From left Gavin Rochester, Eli Crenshaw, Dylon Carr, Jeremiah Maki and Darrin Linenger. Students set their salmon free on April 20. Photos provided.
By Shelby Stewart
Somewhere in the Great Lakes there’s a salmon that’s attended Peggy Miller-Zelinko’s science class.
This spring marked the sixth consecutive year Miller-Zelinko raised classroom salmon from eggs to smolt. So there’s a very good chance at least one of the hundreds of salmon students released are still swimming somewhere in the Great Lakes.
On April 20 about 95 Harvey Swanson Elementary School fifth grade students released 102 smolt into the Clinton River—a Great Lake tributary.
“Each kid got to release one,” said Peggy Miller-Zelinko, who teaches fifth grade science at Harvey Swanson Elementary. “They were put in a little cup, and we put an aerator on, and then they each went down to the river and put them in.”
Funded by the Ortonville Rotary club, in November, her class gets eggs from the Department of Natural Resources (DNR) as part of their Salmon in the Classroom program, and the students help raise the fish until they can be released into the wild.
“I would never not do it,” said Miller-Zelinko. “It just adds and adds, and I learn more and more and as I learn more, I can give them (the students) more stuff. There’s so much that you can keep learning.”
Daily her students would check what they called the stats in the tank, checking the pH levels, nitrate levels, ammonia levels and more.
“I think that they have more of an appreciation for Michigan,” she said. “Michigan waters, Michigan resources.”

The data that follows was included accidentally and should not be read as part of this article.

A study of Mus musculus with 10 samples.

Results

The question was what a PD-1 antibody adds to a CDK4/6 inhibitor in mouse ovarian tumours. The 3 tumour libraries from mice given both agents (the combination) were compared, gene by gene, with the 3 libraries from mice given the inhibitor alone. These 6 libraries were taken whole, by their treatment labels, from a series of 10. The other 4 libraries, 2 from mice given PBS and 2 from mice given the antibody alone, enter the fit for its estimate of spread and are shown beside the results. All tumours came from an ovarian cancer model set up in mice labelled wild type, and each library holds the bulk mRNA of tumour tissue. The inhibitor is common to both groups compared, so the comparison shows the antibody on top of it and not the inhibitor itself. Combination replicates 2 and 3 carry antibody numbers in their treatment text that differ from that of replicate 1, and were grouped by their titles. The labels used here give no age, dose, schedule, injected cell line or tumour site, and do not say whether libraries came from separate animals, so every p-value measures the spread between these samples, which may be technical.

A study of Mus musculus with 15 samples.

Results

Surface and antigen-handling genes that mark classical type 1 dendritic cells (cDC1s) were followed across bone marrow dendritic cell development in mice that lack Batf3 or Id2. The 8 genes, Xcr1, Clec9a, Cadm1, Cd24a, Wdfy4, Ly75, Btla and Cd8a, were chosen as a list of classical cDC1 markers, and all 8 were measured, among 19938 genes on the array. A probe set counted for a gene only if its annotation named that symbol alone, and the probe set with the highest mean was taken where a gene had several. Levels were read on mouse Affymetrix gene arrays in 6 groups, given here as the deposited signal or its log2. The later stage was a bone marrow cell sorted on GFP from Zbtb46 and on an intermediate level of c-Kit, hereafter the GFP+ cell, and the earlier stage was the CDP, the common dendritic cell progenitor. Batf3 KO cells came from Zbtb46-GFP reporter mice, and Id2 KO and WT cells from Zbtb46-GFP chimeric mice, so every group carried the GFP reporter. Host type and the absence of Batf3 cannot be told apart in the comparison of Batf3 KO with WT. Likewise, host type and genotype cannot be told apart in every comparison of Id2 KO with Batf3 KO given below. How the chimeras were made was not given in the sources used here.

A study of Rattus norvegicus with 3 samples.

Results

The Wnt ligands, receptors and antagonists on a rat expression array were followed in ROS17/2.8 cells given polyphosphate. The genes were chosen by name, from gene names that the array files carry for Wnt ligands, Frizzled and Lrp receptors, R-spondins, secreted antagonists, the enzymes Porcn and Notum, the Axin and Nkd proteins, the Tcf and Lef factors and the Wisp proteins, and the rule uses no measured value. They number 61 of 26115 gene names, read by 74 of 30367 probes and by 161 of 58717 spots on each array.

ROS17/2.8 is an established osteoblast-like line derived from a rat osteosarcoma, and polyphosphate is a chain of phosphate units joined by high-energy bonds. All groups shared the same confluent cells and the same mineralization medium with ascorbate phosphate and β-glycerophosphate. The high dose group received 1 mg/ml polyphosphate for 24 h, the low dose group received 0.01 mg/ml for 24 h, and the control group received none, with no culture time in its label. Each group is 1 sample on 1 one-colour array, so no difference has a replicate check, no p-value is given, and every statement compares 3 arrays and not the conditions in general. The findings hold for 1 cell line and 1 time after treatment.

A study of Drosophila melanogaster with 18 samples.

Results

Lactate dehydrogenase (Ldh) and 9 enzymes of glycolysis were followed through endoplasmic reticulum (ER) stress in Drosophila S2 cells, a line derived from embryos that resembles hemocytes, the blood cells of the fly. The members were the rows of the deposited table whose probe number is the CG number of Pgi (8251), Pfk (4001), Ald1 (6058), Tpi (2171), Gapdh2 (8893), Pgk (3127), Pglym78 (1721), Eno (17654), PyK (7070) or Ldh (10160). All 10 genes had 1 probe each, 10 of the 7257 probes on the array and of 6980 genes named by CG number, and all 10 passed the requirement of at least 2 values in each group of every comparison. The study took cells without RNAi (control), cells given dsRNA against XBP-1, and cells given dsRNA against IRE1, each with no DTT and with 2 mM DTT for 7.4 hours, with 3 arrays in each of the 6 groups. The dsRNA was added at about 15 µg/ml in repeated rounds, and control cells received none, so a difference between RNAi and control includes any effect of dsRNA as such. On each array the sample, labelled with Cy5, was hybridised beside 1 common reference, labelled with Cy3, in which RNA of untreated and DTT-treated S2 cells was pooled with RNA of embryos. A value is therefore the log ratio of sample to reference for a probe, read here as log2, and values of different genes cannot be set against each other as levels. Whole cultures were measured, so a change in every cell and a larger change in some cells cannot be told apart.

The students all said that raising the salmon was not easy, but that they enjoyed the process and were sad to see the salmon go.
“Many states around the country have TIC (Trout in the Classroom) or SIC (salmon in the Classroom) programs,” said Tracy Page, the aquatic education coordinator for the DNR. “Michigan’s introduction of Pacific salmon in the 1960s provided a unique opportunity for the DNR to start a similar program, and showcase a species that grows well, are hardy, and aligns with the school year. Chinook salmon provide an excellent example for classrooms to explore concepts like introduced versus invasive species, life cycles, Great Lakes ecology and more.”
The Salmon in the Classroom program has been around since the late 1990s, starting with a few schools in northern Michigan. For the 2019-2020 school year, about 300 teachers will be participating in the program state wide.
“There are rare opportunities for students to connect so readily to a Great Lakes species,” said Page. “Through SIC, raising Chinook salmon from eyed eggs in November, through to smolt in the spring allows the students to build a connection with a charismatic species, ultimately creating a stewardship ethic for our natural resources.”